Monday, June 27, 2016


June 25, 2016

We are driving to Detroit. Ahead of us in the distance are tall skyscrapers, buildings and various businesses amidst traffic congestion, when we suddenly see it. There in the middle of the busy, crowded city stands a 14th century English style cathedral, a symbol of the spiritual world from a time gone by. It is majestic and magnificent. It is even more awe inspiring on the inside. I gaze around the sanctuary in amazement noting  hints of medieval construction – pointed arches, stained glass windows, massive pillars, painted ceilings, intricate wooden carvings, marble basins and symbols everywhere of the splendor of churches from long ago. The Cathedral Church of St. Paul was constructed in 1907, although their parish has been in existence since 1824. It is listed on the U.S. National Registry of Historic Places. In fact, Henry Ford’s funeral was held here in 1947, a significance for me considering we recently visited the Henry Ford museum. Steve Kalnoske was the contact for us at this church. He and Charles Miller, the current music director, worked together for 3 years at the National
City Christian Church in D.C. In fact, Charles Miller subbed for Steve at DUMC one time when he was away. 

Our youth arrived early so they could rehearse processing into the sanctuary, sitting in the choir loft and doing the proper things during this formal Episcopal service. To me, the formality of the traditional service combined with the breath-taking surroundings gave an atmosphere of reverence that is sometimes missing in the more casual modern churches. I truly felt like I was walking on holy ground, taken back in time to the foundations of faith in this city. Our youth were singing a beautiful hymn about faith as that thought came to me. “Faith is the end from the start and beginnings in endings.” I hope they sing that hymn for you at the Welcome Home concert. It is so moving and beautiful. 

As usual, Steve outdid himself playing their beautiful organ (although he admitted to me that our Skinner organ is better :). We had a funny little incident at the beginning of the service after Steve played the voluntary. When his song ended, a high pitched fire engine-type siren sound continued coming out the organ. It went on for 5 minutes. (Maybe all of our joking on the bus about Harry Potter magic followed Steve into the church and manifested itself inside the organ?) Even the priest
quipped that everyone was so excited having a choir from Damascus visit us, even the organ. Steve explained to me that what actually happened is that the upper valve got stuck and the air inside was trapped and was shooting through the pipe, creating the squeal. The music director had to climb up and pull the pipe out to make it stop. Mischief Managed.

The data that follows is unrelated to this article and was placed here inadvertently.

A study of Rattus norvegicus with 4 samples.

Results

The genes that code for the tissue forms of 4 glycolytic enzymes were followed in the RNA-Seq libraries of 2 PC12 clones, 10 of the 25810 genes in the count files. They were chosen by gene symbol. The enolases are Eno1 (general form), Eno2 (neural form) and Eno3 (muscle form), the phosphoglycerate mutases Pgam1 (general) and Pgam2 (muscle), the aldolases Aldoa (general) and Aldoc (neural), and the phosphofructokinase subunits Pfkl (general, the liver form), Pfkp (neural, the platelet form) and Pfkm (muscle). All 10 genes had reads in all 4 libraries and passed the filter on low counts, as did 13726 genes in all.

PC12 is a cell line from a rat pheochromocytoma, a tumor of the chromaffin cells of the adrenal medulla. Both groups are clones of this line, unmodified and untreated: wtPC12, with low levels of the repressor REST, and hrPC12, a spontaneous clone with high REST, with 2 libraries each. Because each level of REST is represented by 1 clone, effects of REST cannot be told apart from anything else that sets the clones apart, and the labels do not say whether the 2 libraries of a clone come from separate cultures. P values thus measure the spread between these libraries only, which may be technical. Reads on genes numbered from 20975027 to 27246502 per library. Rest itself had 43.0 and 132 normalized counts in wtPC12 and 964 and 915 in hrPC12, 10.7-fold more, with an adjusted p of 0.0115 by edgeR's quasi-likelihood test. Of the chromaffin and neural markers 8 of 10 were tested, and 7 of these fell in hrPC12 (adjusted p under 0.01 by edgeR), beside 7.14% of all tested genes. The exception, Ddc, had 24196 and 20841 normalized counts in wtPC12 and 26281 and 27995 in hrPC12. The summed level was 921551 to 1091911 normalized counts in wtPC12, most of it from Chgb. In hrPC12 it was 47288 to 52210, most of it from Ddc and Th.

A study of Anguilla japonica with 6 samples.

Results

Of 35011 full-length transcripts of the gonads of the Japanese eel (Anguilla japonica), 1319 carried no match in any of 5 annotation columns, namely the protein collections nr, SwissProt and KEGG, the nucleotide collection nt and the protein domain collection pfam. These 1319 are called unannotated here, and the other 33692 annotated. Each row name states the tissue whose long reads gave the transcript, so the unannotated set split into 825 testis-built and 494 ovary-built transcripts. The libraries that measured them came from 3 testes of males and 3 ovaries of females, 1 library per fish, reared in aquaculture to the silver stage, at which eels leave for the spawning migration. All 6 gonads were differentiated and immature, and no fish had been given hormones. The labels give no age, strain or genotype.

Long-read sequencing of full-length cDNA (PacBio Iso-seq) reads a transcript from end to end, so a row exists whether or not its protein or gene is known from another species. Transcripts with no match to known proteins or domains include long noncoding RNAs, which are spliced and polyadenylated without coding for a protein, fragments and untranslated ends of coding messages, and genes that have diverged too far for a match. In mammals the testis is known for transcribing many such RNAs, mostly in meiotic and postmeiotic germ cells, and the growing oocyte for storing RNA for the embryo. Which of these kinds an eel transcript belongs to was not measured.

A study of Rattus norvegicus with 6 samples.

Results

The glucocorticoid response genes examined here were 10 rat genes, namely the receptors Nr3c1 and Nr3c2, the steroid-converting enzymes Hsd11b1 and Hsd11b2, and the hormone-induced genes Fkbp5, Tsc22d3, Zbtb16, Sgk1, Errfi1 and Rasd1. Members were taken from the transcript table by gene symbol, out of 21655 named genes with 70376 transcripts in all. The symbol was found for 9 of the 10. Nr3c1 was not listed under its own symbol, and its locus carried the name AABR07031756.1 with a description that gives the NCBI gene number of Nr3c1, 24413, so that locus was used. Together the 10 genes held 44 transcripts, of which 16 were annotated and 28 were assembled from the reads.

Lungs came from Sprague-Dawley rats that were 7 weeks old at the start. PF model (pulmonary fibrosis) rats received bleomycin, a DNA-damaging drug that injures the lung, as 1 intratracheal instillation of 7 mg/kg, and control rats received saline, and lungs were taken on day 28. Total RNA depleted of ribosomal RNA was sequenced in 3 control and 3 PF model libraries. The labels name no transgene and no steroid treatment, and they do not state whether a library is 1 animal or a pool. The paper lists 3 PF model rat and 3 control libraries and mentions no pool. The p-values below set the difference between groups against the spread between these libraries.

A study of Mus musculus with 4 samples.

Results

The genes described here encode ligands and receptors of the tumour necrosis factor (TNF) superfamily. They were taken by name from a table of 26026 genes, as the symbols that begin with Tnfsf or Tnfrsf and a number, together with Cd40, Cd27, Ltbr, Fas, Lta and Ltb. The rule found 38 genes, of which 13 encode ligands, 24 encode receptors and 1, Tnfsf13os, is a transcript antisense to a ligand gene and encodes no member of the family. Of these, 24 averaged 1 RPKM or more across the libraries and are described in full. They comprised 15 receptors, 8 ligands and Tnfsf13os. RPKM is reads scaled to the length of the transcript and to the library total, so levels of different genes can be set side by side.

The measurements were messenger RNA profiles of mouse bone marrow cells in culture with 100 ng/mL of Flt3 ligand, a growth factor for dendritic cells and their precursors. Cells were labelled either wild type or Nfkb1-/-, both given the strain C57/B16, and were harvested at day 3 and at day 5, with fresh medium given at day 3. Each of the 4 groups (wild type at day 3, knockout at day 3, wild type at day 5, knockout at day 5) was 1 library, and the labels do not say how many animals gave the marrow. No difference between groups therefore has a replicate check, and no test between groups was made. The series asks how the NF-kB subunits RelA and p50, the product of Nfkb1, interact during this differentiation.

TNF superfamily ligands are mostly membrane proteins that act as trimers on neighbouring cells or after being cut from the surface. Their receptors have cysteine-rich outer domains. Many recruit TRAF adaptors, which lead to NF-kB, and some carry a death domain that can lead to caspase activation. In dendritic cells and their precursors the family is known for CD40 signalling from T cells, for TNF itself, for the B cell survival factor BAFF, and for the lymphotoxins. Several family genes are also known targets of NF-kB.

After the service, we were given bag lunches and headed to Belle Isle Park, a 985 acre island park, surrounded on all sides by the Detroit River. The designer of Belle Isle Park is the same person who designed Central Park in New York City. Across the water in the distance, one can see the International Bridge crossing into Canada. The park has many attractions, including a Conservatory with 13 acres of different varieties of plants (the oldest in the nation), a small aquarium (also the oldest in the U.S.), playgrounds, a giant slide, basketball and soccer fields. Everyone broke up into
groups and headed out to explore for a few hours. Many youth found their “Jimmie Cone away from home” ice cream truck and stood in long lines to get some cold, delicious refreshment. Our athletic hardy boys took over the soccer field with another fast action frisbee  game, even though it was crazy hot outside (you will notice in my photos that most of them took off their shirts.) 

Back in the bus, we headed to our next venue, Westside UMC in Ann Arbor, Michigan. Our Greeters for the day were Jessie Marshall and Dee Robertson in the morning and Sydney Fennington and Calista Kibak in the afternoon. Sydney  Fennington was finally awarded her fork award for her Harry Potter memorial room story that she told a few days ago. I have included a few photos of that room in our photo album today that she took when she was there. Our host church had provided a lovely pot luck dinner for our group. There was plenty of food to choose from. Angela Nardone gave a beautiful prayer to bless our food and Jessie Marshall stood and thanked the ladies for their hospitality. Polly presented the choir director with another lovely piece of artwork with the border drawn by our own Kitty McNaughton Ayers. He promptly hung it in his choir room for all to see.Our big surprise of the evening was seeing Kelly Bratburd walking through the door! She will be joining us for the rest of the tour. Phil Hulcher also had family members arrive to watch the concert. The crowd was enthusiastic and appreciative. They sang along with a few songs and were clapping loudly as Julia Bratburd belted out “He Never Failed Me Yet.” As usual, the youth wowed the audience with their singing skills and beautiful music. Tonight we are staying in host homes. Maybe we will have some new fork stories tomorrow! 

Who will our next winner be? Check in and see! 
This is your Michigan blogger Sue, signing out.

1 comment:

  1. Oh my! That magnificent Cathedral, those awesome organ-pipes, the gorgeous gardens, the action-filled frisbee games by youth and leaders alike, fantastic! what a great story telling of the day! I was practically there with you! Thanks for sharing. God bless you.